I’d been a fan of Jack White for awhile, long before I saw him playing with Meg at the Big Day Out, Mt Smart. Thanks to the benefits of corporate hospitality, I can’t say I was in the best shape for it. They were touring Get Behind Me Satan. By then, things had well and truly blown up for them. I liked the fact that he was something out of the ordinary, embracing a bit of quirk which always wins me over. I did some reading, discovered he’d been a cabinet maker / upholsterer which I liked even more. Rumor had it, he’d lied about where he’d been born, telling the press wild changeable stories in various interviews, which I thought was hilarious.
The man can play, the blues, gritty raw guitaring that for me set him apart from a lot of others. Enter the piano, the marimba, not forgetting he’s already on vocals. Writing, producing with an -˜if you can’t play it live, don’t record it’ mentality, that I think is a killer philosophy. Not even Lenny Kravitz, who I believe can play almost anything – though typically did it under tattoos and spotlights, had the same conviction. It was a step away from the overproduced sound that we’re force-fed today, a step back to something raw.
So I was fortunate to be there when he was in Auckland playing at the Powerstation, just a few weeks ago. It’s a dark space with a ground floor and a slightly wide single floor balcony, squared off around the stage holding something like 1,500 people. He was playing for the first time in eight years with his combined band, the Racontuers. Jack launches into it from the back of the stage, playing support and stealing the show with guitars that were clearly made for him. A killer aesthetic to every one, from a Turquoise electric to a bright Orange acoustic, to a V-neck designed for the big stuff. He’s on the piano, then back on the V-neck, screaming into a mike distorter. He’d come in with his -˜no phones’ policy, a refreshing departure from the other six or seven concerts I’d been to over the last couple of years. I got one of the last concert shirts, possibly one of the only ones I’ve ever bought at a show.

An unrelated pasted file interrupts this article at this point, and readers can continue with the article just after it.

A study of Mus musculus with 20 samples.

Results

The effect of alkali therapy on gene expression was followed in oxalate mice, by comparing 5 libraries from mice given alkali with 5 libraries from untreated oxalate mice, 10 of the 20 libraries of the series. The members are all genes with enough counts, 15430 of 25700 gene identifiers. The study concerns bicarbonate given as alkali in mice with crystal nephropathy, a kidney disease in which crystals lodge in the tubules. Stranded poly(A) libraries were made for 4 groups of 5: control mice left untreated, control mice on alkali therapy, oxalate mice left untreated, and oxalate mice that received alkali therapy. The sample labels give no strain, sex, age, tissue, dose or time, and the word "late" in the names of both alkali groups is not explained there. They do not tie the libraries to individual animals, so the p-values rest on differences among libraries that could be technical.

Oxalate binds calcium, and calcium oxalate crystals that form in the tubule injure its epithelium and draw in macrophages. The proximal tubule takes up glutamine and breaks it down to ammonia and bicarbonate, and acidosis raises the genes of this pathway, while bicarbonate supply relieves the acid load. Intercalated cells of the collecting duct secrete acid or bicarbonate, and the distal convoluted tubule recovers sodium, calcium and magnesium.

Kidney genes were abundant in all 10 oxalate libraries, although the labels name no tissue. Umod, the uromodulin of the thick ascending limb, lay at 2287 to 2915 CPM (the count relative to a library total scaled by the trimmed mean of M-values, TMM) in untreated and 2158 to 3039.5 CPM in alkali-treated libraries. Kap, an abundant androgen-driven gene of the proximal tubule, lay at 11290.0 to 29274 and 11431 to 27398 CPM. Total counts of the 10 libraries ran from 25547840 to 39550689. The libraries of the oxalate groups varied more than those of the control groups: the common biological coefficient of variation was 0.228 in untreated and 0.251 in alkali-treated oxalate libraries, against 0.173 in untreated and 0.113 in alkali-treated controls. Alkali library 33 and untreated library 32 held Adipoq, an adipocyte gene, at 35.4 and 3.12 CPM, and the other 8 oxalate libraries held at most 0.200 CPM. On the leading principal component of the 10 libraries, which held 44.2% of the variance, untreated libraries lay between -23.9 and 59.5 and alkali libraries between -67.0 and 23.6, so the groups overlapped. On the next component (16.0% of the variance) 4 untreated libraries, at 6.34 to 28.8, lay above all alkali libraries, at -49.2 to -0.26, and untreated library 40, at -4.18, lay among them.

I watched Bohemian Rapshody the other day and it got me thinking, if you want to get something done, do it today. It’s just too easy to procrastinate. I’d avoided the film because I’d read that Sasha Baron-Cohen walked away from it, choosing to step down from the lead role due creative differences. The lead and subsequent Oscar went to Remi Malik who was great. Freddy Mercury died a year earlier than I am now. Look at what these guys have done, so much at a such young age. Time to hustle, that second book deserves some focus.